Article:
Eating Bacon Hurts Sperm Quality

Whether it's generalized blowback from the "high-falutin'" foodie culture that's blossomed under writers like Michael Pollen and Eric Schlosser, or people mistaking the Ron Swanson character from "Parks and Recreation" as a role model instead of the caricature he is, the culture of bacon has dramatically shifted in the past few years. Where once the salted crispy pork bits were a nice occasional garnish, it is now celebrated to the point where some consider it vital as the central part of every meal.

And the culture has an aura of "this is what it means to be masculine" built into it. (I'm still not entirely sure what's so tough about going to a store, buying a package of bacon, frying, and eating it.) Currently, there is nothing manlier than eating bacon. Bacon in your eggs, bacon on your burger, bacon-wrapped bacon for dinner, bacon-infused lettuce to get your healthy greens for the day, followed by bacon in your ice cream, a dessert you now deserve after enduring that disgusting lettuce. Bacon, bacon, bacon, bacon. Bacon.

Ironic then, gentlemen, that all that bacon's making your sperm terrible.


[Men] were each questioned how often they ate a range of foods including processed meat, white meat, red meat, white fish and tuna or salmon. Men who consumed just half a portion of processed meat a day had just 5.5 per cent 'normal' shaped sperm cells, compared to 7.2 per cent of those who ate less.

Now, bad sperm shape does not necessarily mean it contains chromosomal content that will negatively affect the genetics of a possible child, so much as that the possibility a child will be created is dramatically lessened. Think of it like this: The sperm is like a sailboat that has to navigate a torrential downpour and hurricane-force winds in order to get back into port. The only way for it to do so, then, is if the boat's in tip-top shape. No holes in the hull, no tears in the sail. Eating processed meat damages the ship.

One of the possibilities that researchers are pointing to as a reason processed meat is so caustic to a man's sperm-processing abilities is that red meat is thought to have high levels of pesticides. And pesticides, as we've seen before, aren't exactly the best things for your body to process.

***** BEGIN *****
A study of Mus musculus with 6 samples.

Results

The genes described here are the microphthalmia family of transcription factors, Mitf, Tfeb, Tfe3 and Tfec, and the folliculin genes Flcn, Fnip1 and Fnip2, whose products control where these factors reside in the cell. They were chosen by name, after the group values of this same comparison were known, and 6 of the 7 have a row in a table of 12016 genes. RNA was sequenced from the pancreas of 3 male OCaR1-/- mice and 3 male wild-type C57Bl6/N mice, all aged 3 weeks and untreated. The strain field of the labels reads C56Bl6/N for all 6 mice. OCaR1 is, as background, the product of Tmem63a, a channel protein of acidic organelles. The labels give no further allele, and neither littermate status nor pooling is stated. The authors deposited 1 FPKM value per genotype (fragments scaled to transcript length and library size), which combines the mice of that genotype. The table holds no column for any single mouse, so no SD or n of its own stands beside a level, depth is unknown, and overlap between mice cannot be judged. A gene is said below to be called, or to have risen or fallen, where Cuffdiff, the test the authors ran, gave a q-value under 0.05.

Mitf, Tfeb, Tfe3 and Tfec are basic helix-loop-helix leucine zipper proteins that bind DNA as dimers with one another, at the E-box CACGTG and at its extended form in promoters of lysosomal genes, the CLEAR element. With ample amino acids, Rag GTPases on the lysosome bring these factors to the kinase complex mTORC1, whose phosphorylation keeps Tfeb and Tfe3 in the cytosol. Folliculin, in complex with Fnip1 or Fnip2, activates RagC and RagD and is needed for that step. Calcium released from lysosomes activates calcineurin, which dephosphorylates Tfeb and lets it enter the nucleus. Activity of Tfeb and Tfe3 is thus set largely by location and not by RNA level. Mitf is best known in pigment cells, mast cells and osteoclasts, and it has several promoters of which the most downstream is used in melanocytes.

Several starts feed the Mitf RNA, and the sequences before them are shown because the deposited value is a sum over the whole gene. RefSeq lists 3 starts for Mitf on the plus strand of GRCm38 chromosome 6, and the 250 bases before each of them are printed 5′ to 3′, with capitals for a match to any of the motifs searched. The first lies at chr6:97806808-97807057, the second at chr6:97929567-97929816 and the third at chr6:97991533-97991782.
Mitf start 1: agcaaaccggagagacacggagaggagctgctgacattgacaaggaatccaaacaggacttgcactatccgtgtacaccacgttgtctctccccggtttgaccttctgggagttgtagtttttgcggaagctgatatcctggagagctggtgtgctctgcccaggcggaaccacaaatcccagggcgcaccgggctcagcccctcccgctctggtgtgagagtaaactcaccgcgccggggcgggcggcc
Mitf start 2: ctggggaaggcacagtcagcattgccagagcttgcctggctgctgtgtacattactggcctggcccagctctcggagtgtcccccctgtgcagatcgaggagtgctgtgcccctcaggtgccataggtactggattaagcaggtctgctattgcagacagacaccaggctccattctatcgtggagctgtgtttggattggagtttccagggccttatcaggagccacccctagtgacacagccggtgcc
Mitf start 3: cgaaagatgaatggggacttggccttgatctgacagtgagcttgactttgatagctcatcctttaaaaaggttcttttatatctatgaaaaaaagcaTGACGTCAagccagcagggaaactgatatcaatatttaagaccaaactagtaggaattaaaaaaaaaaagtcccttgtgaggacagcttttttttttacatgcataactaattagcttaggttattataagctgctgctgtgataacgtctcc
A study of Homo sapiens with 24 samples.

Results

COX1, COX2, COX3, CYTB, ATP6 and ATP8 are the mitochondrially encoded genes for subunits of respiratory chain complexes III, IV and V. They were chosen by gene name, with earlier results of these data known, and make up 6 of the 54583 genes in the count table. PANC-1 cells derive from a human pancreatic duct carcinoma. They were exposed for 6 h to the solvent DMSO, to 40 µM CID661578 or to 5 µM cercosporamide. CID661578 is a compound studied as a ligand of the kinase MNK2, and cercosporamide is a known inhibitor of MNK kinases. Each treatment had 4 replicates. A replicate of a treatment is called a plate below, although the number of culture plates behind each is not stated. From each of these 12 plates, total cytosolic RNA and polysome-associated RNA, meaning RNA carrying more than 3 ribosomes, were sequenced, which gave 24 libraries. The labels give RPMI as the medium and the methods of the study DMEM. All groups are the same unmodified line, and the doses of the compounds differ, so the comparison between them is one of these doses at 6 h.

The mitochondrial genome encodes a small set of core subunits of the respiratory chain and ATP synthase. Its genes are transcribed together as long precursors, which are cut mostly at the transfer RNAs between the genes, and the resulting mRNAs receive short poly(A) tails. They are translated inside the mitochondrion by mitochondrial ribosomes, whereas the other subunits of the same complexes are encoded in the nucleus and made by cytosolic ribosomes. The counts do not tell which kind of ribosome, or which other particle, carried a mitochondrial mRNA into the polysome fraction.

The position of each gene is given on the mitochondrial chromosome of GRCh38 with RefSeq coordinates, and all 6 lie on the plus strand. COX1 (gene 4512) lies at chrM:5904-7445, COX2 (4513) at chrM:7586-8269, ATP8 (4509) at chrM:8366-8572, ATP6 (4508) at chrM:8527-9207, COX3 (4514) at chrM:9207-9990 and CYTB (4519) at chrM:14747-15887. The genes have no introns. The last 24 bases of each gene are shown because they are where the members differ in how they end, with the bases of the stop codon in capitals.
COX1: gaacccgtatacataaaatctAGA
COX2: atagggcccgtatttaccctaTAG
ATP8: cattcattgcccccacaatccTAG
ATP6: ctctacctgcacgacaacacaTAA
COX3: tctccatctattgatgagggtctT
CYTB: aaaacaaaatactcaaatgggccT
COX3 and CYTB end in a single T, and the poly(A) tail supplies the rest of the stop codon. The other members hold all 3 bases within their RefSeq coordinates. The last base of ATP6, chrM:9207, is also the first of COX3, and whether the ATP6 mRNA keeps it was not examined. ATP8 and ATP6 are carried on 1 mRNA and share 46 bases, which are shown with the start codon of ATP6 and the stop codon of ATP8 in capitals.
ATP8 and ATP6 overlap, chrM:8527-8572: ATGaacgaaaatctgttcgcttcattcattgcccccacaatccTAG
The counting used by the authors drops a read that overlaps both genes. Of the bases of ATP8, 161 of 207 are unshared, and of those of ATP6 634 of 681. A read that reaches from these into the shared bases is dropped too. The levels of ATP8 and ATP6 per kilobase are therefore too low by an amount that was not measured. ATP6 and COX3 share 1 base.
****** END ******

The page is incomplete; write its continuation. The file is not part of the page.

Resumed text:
As far as what can help improve the quality of your sperm, the two healthy-living constants of "exercise" and "eating plenty of fish" have been proven, once again, to be legit:

Men who ate the most dark meat fish -- including salmon, bluefish and tuna -- had a total sperm count about 34 percent higher than men who ate the least amount of fish.

Although, while general exercise was given the thumbs up, the specific activities of jogging and biking were found to either have zero or negative effect, respectively, in regards to sperm count. Which makes sense, seeing as those two exercises make a man's bits and pieces smack around like crazy. These are fragile parts we're talking about here, people! So if you're thinking about procreating, better ditch those and take up swimming.

But in case you were worried that the study was going to be 100% killjoy, it also contained this result that should have a large number of us rejoicing:

The results showed no negative relationship between alcohol and caffeine use and sperm count, quality and motility."

Hooray! Three cups of coffee in the morning and a nightcap before bed is still acceptable! As long as it's not bacon-infused coffee and alcohol. Which, now that I'm typing, doesn't seem like that terrible of an idea.


Rick Paulas has written plenty of things, some of them serious, many of them not, scattered over the vast expanses of the Internet. He lives in Los Angeles and is a White Sox fan.